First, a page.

The article discusses the use of psychotherapy as an approach of addressing and handling dissociative identity disorder. The author provides certain issues to take into account before beginning the psychotherapy sessions. Firstly, the author indicates that the psychotherapy needs to be done for a period between two and ten years for effectiveness. Further, sessions need to be long with minimum sessions lasting an hour. Additionally, the sessions need to be more frequent to prevent the client from carrying too much disturbing issues. The author also indicates that boundary considerations are of importance to the DID client. The psychotherapist needs to observe strict boundaries to maintain objectivity in the sessions. This is because the vulnerability of the client may become contagious and may lead to the therapist acting unethically. The author also notes an important issue dealing with contracts. Since dealing with DID clients, some alters or host may tend to be violent or aggressive. The therapist needs to set ground rules for both the host and alter, and conditions that will warrant the contract null and void.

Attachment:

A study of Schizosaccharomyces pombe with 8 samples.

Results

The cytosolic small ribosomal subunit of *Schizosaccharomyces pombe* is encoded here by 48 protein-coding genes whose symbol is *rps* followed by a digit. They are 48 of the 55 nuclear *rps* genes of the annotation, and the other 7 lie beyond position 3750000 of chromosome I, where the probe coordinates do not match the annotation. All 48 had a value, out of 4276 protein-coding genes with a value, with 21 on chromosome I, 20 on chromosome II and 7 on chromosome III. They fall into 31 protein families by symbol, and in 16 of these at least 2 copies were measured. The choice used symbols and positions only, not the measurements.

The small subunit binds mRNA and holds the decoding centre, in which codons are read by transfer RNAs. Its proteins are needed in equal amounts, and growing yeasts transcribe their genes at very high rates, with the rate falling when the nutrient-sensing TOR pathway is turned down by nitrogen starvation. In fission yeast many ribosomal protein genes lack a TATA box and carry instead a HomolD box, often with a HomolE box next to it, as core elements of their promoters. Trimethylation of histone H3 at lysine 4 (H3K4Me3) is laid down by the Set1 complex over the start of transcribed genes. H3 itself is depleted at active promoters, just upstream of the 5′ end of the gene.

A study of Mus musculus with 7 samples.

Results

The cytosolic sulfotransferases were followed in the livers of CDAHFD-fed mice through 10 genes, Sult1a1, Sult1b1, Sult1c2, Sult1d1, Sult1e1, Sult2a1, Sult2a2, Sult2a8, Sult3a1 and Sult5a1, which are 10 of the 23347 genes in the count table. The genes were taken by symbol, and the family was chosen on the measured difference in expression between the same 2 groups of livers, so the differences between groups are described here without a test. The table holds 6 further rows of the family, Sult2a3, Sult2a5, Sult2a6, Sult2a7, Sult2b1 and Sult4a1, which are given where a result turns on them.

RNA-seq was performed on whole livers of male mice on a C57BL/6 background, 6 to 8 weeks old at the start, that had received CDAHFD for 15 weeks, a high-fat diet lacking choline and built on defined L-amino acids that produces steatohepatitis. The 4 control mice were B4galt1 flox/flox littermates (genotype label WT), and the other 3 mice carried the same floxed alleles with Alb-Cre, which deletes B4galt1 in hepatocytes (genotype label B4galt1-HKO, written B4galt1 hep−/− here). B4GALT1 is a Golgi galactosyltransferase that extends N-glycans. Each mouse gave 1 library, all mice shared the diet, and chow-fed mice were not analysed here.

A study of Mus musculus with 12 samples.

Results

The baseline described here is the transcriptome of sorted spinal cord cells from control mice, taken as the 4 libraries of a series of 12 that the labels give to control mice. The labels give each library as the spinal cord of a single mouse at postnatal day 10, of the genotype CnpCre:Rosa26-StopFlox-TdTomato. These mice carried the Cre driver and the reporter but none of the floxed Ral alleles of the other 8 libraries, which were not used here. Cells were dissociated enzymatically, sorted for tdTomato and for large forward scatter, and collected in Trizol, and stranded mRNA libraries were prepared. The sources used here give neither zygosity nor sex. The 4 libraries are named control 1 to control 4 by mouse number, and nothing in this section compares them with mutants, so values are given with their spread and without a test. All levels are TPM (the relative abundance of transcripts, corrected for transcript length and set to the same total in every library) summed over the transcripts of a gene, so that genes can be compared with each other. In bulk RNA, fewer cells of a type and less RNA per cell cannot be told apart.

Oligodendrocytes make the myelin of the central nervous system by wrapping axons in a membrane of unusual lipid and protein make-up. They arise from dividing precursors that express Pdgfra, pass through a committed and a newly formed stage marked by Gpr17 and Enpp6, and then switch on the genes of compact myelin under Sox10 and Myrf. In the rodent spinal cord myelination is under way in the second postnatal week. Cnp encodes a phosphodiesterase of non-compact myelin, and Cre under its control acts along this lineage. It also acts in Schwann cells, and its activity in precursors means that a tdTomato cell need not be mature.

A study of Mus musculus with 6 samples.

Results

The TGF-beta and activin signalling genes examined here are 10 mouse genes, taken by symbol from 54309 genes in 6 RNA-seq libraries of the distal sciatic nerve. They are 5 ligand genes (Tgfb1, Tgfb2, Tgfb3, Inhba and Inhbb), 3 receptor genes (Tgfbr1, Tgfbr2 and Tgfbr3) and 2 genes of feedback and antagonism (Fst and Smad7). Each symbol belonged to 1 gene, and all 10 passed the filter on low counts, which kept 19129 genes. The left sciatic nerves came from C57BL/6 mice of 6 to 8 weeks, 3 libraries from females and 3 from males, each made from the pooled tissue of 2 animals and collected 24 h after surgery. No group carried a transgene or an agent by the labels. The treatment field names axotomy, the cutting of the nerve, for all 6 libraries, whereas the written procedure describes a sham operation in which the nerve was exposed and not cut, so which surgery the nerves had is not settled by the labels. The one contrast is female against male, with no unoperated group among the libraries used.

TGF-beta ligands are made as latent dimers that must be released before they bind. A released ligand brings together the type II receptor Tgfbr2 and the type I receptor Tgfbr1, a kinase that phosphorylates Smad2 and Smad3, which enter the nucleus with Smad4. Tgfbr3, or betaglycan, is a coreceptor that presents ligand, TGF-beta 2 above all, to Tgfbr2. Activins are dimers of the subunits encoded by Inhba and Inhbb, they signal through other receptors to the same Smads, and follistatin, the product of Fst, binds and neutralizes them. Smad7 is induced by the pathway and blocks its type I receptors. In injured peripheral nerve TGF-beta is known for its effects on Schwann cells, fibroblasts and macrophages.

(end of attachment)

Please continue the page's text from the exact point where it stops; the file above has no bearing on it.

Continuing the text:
This article provides vital information, which can be very helpful to psychotherapists. For instance, the issue of the psychotherapy being long-term is a vital consideration for therapist considering retirement in the near future. Furthermore, when working with DID clients that have undergone trauma, having the frequent sessions is vital to prevent the client from having to handle too much disturbing issues. This is particularly important in cases where the client may be suicidal or have self-harming tendencies. Furthermore, since the issue of attachment is quite common among the DID clients, it is recommended that the therapist conduct group therapy sessions. Therapists being attached to one alter and neglecting the other may cause the DID client to engage in self-harm when they feel threatened by the other identity.
Ringrose, J. L. (2011). Meeting the needs of clients with dissociative identity disorder:
considerations for psychotherapy. British Journal Of Guidance & Counselling, 39(4), 293-305.